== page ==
Chief among the plan's provisions is the proposed adoption and funding by the state legislature of a variety of school improvements recommended by the state's Commission on the Quality of Education in Metropolitan Milwaukee Public Schools.

The commission--formed in 1984 by Gov. Anthony S. Earl and State Superintendent of Public Instruction Herbert J. Grover--has called for smaller class sizes, the expansion of kindergarten and early-childhood-education programs, improved counseling for "at-risk" students, new programs to enhance parental involvement in the schools, and other reforms. The panel's recommendations were presented to the legislature last week. (See related story on this page.)

In addition, the Milwaukee school board's settlement offer would require the predominantly white sub-urban districts to guarantee that minority transfer students from the city represent 20 percent of the suburban schools' total enrollments by 1991. In return, the city would drop its charges of illegal segregation against the county districts.

Under a voluntary, state-funded desegregation program, approximately 1,300 black students from Milwaukee currently attend predominantly white suburban schools, and 200 white suburban students attend city schools, according to recent statistics. The program, known as Chapter 220, promotes interdistrict desegregation by guaranteeing that no district will lose state aid by sending its students to other districts. The city schools' settlement plan asks the state to increase funding for the program.

'Fair and Just'

Milwaukee officials presented the settlement proposal to representatives of the suburban districts and the state during a Jan. 8 meeting. In an accompanying document, city officials called the plan "a fair and just settlement of the litigation and an opportunity for all of us to work together to improve the quality of education and to reduce racial isolation throughout the metropolitan area."

The city schools filed suit against the suburban districts and the state in June 1984, charging them with taking actions that contributed to segregation in the 86,000-student city district, which is about 48 percent black and 45 percent white.

In papers filed with the federal district judge hearing the case, city officials argued that without the elimination of "the racially dual metropolitan-wide structure of public education," they could not abide by a 1979 court-approved settlement designed to maintain racial balance in the Milwaukee schools. (See Education Week, Aug. 22, 1984.)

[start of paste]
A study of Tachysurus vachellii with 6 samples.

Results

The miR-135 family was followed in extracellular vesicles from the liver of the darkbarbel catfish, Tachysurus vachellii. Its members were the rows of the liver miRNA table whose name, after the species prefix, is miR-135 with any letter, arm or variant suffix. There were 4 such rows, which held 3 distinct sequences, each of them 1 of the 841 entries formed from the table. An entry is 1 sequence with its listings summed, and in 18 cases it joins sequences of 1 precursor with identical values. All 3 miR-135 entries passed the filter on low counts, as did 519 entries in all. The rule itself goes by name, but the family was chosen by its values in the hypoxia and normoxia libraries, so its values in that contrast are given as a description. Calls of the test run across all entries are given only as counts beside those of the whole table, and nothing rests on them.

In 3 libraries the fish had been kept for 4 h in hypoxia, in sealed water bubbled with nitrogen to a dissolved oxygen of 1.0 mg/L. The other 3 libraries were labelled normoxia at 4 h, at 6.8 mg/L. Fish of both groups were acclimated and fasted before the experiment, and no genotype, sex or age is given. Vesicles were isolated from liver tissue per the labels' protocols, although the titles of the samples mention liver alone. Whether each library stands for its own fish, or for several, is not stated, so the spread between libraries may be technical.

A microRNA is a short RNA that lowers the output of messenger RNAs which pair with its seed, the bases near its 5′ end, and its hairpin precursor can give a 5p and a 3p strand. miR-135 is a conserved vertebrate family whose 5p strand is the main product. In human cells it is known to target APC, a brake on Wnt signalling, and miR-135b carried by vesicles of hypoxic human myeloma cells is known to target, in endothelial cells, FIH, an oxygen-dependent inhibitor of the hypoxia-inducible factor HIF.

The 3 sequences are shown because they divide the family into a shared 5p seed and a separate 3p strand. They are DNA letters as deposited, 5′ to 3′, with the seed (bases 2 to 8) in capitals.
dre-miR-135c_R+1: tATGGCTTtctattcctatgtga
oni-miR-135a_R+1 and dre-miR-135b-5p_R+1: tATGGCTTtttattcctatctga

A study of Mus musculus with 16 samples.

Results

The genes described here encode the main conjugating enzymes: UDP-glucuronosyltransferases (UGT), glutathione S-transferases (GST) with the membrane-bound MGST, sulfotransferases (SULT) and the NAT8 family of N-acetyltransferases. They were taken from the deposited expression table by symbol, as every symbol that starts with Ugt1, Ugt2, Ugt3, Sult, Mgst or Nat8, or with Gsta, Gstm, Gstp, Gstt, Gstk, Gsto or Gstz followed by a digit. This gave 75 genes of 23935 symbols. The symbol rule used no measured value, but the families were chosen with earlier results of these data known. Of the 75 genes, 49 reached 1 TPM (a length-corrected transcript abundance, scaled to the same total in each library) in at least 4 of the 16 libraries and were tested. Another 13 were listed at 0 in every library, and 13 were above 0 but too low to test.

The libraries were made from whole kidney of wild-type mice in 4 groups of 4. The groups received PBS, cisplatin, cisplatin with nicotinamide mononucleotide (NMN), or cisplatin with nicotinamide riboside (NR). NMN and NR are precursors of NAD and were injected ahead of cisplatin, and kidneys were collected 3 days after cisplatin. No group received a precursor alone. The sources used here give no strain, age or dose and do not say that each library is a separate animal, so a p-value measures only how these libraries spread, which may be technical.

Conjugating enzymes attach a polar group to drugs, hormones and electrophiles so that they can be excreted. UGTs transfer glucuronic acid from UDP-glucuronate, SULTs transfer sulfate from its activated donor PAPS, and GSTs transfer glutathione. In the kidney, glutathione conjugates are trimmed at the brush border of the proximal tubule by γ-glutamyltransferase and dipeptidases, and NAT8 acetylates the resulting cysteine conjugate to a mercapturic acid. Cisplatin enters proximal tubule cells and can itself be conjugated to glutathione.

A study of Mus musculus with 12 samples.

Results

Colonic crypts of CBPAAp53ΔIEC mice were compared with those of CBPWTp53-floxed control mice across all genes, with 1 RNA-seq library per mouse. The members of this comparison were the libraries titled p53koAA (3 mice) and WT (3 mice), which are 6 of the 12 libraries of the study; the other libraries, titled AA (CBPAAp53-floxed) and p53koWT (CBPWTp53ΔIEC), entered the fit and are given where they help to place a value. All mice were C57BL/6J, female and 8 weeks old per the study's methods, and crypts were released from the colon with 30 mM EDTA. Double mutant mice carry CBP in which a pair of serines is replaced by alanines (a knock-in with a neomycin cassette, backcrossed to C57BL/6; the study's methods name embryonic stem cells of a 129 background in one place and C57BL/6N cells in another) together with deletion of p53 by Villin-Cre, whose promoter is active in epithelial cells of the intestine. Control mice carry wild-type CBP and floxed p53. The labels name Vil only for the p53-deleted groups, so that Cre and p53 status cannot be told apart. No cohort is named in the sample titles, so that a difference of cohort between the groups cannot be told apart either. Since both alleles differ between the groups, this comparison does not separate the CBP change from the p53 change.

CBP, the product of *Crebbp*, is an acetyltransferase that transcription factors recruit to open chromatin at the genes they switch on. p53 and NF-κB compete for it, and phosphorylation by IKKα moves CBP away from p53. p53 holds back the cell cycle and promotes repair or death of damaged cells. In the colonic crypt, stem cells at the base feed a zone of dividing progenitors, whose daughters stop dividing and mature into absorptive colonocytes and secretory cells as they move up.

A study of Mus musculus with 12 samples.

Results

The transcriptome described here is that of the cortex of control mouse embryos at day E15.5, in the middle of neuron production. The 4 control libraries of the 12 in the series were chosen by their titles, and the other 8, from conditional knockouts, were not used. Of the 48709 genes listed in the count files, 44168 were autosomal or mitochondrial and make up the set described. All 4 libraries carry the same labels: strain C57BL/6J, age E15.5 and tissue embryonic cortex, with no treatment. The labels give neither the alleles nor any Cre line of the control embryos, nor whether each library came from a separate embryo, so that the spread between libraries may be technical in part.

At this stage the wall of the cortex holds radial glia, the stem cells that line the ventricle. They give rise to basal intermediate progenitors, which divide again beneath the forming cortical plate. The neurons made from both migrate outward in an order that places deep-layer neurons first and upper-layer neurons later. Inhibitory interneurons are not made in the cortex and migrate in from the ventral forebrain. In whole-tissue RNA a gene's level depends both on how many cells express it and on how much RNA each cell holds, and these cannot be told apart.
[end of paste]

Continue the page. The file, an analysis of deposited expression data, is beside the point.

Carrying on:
Progress Seen

Many of the suburban school districts had reacted harshly to the Milwaukee board's 1984 lawsuit, with some of them vowing to use "all of the resources" at their disposal to resist it.

But in an interview last week, a lawyer representing seven of the districts indicated that several changes included in the city's new plan might make it more palatable to his clients.

"There will be a concerted effort to see if this can form the basis of a settlement," said Warren Kruenen, the districts' lawyer. "It may be a bit premature to give the precise reaction, because the school boards are just getting these documents. But, in general, one can say that the initial reaction by the districts is that some progress has been made with this proposal."

Proposal's Provisions

Under the proposed settlement, the suburban districts would be required to set aside 20 percent of their seats for minority transfer students from the city. The city district would set aside 10 percent of its seats for white suburban students.

The proposal also calls for the establishment of a nine-member coor-dinating council to promote voluntary student transfers, devise a uniform transportation policy, and oversee a new minority-employee-recruitment office for the metropolitan area's schools.

Milwaukee's plan would also require the suburban schools to support legislation to implement the state commission's recommendations. In addition, it would require the state to set up a housing-desegregation center and to adopt federal fair-employment guidelines.

"I want to emphasize that we need to move expeditiously," said John J. Petersburg, secretary and business manager of the Milwaukee district, in a memorandum accompanying the offer. He asked the suburban districts to respond by the end of this month.